It believes organic campaigners have too much influence and are “anti-science”. But promoters of organic agriculture argue their influence is not disproportionate, and that underlying demand for organic products remains high.
CPA chief executive Dominic Dyer said: “As shoppers turn away from the organic brand and farmers stop converting their land for organic production, the organic sector should no longer have such a strong voice in the corridors of power.
“For too long the anti-science agenda of the organic movement has influenced the direction of agriculture and food production policy.”
Sales down 25%
The CPA claimed that sales of organic food in the UK have fallen for the third year in a row - a 25% drop since 2008. It also claimed that organic farmland conversion rates have plummeted by more than two-thirds over the same period.
"A decline in organic food sales should also lead to a decline in political influence,” Dyer said.
The Organic Food Federation, one of the certifying bodies for organic standards, rebuffed the CPA’s claims.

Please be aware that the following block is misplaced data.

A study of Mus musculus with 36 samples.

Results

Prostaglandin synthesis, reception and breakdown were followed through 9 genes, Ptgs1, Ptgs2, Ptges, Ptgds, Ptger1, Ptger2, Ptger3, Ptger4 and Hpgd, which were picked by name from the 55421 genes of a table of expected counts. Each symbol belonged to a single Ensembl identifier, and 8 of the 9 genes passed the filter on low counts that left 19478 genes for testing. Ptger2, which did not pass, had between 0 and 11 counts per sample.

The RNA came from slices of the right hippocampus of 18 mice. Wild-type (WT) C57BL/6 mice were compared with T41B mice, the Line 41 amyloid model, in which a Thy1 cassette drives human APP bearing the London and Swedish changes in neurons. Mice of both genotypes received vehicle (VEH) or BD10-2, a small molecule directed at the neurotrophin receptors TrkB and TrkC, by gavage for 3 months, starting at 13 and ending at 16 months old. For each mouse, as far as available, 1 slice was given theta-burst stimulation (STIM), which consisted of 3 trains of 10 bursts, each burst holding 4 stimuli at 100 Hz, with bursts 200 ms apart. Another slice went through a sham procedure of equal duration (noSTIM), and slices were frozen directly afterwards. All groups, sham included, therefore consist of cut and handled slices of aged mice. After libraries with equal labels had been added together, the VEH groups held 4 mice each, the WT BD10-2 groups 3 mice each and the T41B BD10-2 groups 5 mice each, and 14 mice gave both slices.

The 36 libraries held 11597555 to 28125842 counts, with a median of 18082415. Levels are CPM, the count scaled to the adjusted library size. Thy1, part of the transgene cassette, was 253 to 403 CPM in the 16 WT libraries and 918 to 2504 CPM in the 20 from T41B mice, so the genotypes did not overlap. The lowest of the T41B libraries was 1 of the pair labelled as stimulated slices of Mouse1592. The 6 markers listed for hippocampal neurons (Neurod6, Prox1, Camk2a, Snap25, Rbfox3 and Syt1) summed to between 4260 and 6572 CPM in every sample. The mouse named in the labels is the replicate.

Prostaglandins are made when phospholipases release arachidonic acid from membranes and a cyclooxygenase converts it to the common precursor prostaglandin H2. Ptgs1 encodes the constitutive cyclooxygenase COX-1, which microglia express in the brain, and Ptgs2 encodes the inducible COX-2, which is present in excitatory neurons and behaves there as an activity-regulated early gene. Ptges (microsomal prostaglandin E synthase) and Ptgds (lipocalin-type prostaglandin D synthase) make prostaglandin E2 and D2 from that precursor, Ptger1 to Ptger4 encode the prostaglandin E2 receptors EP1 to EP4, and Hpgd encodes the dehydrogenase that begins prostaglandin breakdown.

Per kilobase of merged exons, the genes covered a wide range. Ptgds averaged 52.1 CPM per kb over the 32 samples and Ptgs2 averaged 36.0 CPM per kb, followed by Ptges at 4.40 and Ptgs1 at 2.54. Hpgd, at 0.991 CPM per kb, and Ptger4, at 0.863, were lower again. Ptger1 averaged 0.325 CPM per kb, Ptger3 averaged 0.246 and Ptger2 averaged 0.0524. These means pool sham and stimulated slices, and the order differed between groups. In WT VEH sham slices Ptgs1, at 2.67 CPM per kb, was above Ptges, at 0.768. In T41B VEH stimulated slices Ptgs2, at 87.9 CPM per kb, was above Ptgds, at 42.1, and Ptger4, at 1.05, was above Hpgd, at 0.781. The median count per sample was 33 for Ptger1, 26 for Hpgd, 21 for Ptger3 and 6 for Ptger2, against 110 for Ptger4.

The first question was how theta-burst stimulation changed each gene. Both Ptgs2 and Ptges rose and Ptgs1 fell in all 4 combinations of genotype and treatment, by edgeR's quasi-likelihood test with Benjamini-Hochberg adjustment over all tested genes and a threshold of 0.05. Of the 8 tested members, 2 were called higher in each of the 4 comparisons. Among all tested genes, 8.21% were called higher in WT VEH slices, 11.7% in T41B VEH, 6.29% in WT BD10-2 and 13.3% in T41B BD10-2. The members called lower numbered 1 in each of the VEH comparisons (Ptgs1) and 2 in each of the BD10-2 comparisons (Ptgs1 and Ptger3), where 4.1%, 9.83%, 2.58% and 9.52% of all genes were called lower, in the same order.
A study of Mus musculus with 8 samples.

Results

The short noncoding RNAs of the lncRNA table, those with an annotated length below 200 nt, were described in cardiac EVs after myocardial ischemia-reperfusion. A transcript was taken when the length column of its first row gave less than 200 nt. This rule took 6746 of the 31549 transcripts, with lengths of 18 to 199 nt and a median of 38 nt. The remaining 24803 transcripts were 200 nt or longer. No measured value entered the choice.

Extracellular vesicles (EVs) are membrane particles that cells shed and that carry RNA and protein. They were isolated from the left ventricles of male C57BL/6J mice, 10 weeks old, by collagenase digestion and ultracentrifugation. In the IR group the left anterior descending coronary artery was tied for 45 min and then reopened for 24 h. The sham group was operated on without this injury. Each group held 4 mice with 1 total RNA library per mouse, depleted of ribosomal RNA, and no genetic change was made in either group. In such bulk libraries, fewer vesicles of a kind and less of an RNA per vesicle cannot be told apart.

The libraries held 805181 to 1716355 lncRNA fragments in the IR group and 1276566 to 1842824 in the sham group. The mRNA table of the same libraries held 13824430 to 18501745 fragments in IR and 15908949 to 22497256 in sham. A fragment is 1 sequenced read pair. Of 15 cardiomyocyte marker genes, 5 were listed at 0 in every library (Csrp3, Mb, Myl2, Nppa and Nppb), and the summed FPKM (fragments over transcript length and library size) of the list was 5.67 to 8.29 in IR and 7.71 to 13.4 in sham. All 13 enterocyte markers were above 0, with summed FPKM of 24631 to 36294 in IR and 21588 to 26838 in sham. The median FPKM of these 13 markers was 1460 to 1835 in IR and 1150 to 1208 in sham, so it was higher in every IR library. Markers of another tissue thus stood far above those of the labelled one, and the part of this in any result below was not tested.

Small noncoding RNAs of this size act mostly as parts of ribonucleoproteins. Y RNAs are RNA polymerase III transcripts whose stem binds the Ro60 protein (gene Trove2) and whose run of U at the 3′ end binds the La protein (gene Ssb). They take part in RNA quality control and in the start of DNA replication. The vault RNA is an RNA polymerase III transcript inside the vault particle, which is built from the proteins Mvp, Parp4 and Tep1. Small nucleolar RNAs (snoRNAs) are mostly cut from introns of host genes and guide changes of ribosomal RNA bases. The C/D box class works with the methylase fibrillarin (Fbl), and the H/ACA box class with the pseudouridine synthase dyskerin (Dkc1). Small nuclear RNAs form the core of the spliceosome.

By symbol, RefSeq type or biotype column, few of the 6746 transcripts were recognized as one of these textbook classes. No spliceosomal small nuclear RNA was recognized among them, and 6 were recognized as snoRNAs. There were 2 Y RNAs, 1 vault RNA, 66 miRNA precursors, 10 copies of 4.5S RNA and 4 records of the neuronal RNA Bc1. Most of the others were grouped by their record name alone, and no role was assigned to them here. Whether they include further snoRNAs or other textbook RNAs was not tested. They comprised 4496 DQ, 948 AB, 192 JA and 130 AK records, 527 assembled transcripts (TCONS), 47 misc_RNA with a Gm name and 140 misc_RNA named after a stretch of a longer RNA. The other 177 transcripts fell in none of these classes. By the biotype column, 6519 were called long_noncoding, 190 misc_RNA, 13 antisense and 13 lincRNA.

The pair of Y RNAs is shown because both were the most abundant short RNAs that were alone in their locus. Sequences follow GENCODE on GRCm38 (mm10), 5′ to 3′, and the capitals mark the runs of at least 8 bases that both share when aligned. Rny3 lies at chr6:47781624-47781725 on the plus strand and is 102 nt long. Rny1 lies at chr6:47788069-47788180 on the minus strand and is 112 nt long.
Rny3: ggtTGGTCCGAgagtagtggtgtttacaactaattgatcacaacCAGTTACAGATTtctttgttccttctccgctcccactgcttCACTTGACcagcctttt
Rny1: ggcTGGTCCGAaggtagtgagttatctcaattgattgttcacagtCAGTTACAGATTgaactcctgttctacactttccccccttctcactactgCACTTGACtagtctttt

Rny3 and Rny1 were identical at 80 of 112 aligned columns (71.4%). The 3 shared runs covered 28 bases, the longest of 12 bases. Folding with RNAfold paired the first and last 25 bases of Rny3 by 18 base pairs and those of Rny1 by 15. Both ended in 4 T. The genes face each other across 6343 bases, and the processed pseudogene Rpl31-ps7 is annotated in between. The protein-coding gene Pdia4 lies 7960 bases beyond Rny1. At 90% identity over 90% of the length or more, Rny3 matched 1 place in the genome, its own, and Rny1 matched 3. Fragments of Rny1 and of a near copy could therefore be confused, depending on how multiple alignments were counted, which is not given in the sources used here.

Technical manager John Weldon said: “Organics has always played a strong part in agriculture and farming. There has been a decline, that’s true, but we’re in a recession and the majority of organics are intended to be high-end foods.
“In agriculture there have been drops but there has been an increase in processing and importing.
“The main downturn has been in the poultry sector, not the crop sectors. Poultry, meat and egg sales are down but a lot of that was driven by supermarkets. When they heard the word ‘recession’ they panicked and cut their organic lines.
Waitrose released a report at the beginning of this year claiming that their organic sales remained up, mainly because it didn’t cut its organic lines while others did, he added.
“All of the organic sector is regulated by the EU. We just certify the EU regulations and the influence we have over that is very little. Any emphasis placed on organics by the government is not that great”, said Weldon.
The CPA maintains that scientific innovation holds the key to feeding a growing world population.
“Policy-makers in the UK and around the world need to face up to the fact that organic farming systems alone cannot feed the world,” said Dyer.
“Indeed the latest research indicates that any attempt to convert world agriculture to organic production would lead to lower crop yields, greater risk of crop loss and a rapid increase in world food prices, which would have a significant impact on the poorer nations of the world.”